Tell A Great Story. It’s Really That Simple.

Global Director of Digital Strategies at Wieden + Kennedy, Renny Gleeson, has some important things to say about our business. He’s not the first to say them, nor will he be the last. Be that as it may, it pays to linger on some of his main points published in Creativity.

A lot of agencies and brands are doing interactive work because they have to. They know they have to. Like eating fish oil pills for your Omega-3. Laurence Gonzales in Deep Survival (a great book on dealing with extreme paradigm shift) talks at length about working from a place of fear or from acceptance. “I suffer through my obligations, but I’d do anything for love.”
“What would you do for love” isn’t an idle question here. Ask your next potential hire. The answer could determine whether you thrive in this medium or try to get by treating it like a topical spread or the “+ fries” option with your Happy Meal.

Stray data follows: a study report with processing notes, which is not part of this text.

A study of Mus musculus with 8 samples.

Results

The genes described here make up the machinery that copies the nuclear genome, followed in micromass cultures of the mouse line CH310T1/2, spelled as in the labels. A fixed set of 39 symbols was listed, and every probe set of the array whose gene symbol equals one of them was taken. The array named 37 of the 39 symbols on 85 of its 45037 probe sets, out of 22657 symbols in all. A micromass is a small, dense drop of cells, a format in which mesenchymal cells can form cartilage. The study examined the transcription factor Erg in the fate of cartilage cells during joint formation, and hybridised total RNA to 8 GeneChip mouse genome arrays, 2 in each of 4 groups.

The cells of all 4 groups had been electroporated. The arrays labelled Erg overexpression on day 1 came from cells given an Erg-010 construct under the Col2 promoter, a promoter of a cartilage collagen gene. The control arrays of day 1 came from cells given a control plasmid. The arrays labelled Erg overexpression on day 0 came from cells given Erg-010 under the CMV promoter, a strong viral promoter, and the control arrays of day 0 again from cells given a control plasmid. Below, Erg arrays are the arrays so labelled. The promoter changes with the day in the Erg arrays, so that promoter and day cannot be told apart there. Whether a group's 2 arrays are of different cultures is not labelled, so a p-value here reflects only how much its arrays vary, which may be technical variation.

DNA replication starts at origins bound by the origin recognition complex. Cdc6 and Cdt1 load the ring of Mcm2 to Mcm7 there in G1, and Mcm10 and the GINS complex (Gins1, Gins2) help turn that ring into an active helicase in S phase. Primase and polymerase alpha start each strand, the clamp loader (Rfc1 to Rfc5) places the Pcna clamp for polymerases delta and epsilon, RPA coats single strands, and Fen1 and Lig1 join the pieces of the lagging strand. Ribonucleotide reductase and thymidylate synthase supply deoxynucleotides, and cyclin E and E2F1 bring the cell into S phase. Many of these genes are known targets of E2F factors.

Brands need provocative relationships with good customers. They need their stories told, and “interactivity” is driving the reemergence of the collaborative narrative as art form and communications medium.

Gleeson argues that Shakespeare’s work was interactive, as audience members actively engaged the actors in the intimate theaters of his time. It’s an interesting point. Text in print, which we’ve come to think of as literature, is actually a diversion from the ancient oral storytelling form.
For me personally, the genesis of this kind of thinking goes back to 2003 when I encountered the authors of Digital Aboriginal at SXSW. I’ve returned to Austin in March twice since then, but found nothing as intriguing.



About David Burn

I wrote my first ad for a political candidate when I was 17 years old. She won her race and I felt the seductive power of advertising for the first time. Today—after working for seven agencies in five states—I am head of brand strategy and creative at Bonehook in Portland, Oregon.